CADILLAC — Experienced pilots taught groups of young aviation enthusiasts everything they needed to know about flying from the ground up Saturday at the Wexford County Airport.
The local chapter of the Experimental Aviation Association gave young people a chance to learn how to fly while offering free airplane rides at the airport. Starting at 9 a.m., young people, aged 8 to 17, received a free ride. The trip included discussions on flight safety, how an airplane flies and navigation information.
Brian Knoth, a resident of Manton, brought his three children to the airport Saturday morning to learn about flying. Knoth said his father was a pilot, and he has many memories of being in the air. He said that flying has become a family tradition over the years, and the weekend flights were a great way to continue that tradition.
“This gives children the joy of flying so that they don’t become fearful of being in the air,” Knoth said.
Nikolas Kruger, 12 and his younger brother Elijah, 8, took a ride aboard an airplane early Saturday morning.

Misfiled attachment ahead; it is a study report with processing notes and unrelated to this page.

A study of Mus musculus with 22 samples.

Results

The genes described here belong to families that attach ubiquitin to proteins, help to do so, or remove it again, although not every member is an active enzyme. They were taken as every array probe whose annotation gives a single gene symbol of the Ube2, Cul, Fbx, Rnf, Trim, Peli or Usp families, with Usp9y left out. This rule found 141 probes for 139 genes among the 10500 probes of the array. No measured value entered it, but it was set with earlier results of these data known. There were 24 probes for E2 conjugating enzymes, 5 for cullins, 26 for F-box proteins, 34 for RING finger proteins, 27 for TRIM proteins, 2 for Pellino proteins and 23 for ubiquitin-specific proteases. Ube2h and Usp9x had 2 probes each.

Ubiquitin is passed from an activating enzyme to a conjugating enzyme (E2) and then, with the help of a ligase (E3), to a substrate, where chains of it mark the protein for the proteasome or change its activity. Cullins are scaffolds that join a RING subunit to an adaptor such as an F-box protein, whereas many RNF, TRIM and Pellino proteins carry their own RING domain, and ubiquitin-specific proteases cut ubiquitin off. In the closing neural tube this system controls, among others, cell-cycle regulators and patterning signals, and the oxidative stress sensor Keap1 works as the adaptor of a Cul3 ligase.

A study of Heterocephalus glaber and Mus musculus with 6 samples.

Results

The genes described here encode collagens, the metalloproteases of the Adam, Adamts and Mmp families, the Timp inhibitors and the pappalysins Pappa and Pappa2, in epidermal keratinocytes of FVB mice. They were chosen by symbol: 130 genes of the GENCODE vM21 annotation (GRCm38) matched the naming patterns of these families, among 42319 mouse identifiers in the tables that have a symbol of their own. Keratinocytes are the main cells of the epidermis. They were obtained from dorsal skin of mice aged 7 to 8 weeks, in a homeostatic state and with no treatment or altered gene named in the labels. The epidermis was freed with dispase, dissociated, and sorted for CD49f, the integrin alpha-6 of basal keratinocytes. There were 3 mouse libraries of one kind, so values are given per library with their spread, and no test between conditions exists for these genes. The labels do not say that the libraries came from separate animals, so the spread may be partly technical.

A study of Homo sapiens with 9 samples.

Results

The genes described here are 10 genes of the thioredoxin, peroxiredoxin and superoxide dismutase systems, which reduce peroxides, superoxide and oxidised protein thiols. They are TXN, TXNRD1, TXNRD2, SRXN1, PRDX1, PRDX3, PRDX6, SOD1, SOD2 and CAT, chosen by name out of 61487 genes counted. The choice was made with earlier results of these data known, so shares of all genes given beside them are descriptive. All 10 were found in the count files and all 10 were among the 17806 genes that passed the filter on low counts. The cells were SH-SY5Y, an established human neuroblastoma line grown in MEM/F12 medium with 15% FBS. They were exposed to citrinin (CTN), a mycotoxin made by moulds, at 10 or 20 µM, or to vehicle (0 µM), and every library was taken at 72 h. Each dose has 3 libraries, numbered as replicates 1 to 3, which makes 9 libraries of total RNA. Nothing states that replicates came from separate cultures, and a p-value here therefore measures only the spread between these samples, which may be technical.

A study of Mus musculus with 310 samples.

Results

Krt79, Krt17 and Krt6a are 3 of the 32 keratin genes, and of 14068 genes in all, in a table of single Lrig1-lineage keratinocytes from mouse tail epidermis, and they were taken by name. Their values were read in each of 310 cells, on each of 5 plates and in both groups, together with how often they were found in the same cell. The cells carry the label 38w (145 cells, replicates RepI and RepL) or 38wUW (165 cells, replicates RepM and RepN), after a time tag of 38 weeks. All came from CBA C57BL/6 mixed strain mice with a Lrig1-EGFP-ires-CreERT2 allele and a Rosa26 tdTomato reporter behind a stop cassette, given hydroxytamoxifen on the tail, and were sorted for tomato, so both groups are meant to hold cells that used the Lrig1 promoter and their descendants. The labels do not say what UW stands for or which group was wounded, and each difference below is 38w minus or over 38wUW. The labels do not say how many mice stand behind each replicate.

Nikolas said the love of airplanes he developed the last two years was first started while he was playing a game called “Kerbal Space Program.” Kerbal Space Program is a game that allows players to create and manage their own space program. During the game, players build and fly spacecrafts.
“I really enjoy learning about the engineering of airplanes, spacecrafts and rockets,” Nikolas said. “But this was the first time I have ever flown in a plane.”
Elijah and Nikolas said the free flights have inspired them both to one day become pilots.
Both brothers received a dated certificate signed by a pilot. Their names were also added to the EAA Young Eagles Logbook, the world’s largest logbook.
The Young Eagles program was launched in 1992 to give young people ages 8 to 17 an opportunity to fly in a general aviation airplane.
Larry Collins, Young Eagle coordinator for EAA chapter No. 678, said the most important lesson pilots hope to encourage young people to remember is to be safe. Collins said it’s also about getting young people confident in the cockpit.
“I want my young eagles to know that flying is really not too complicated. Many of my young eagles fly with me and take the controls and learn that flying can be pretty fun,” Collins said.
Since its start, more than 1.6 million Young Eagles have taken a flight through the Young Eagles program. Young Eagles have been registered in more than 90 different countries and have been flown by more than 42,000 volunteer pilots.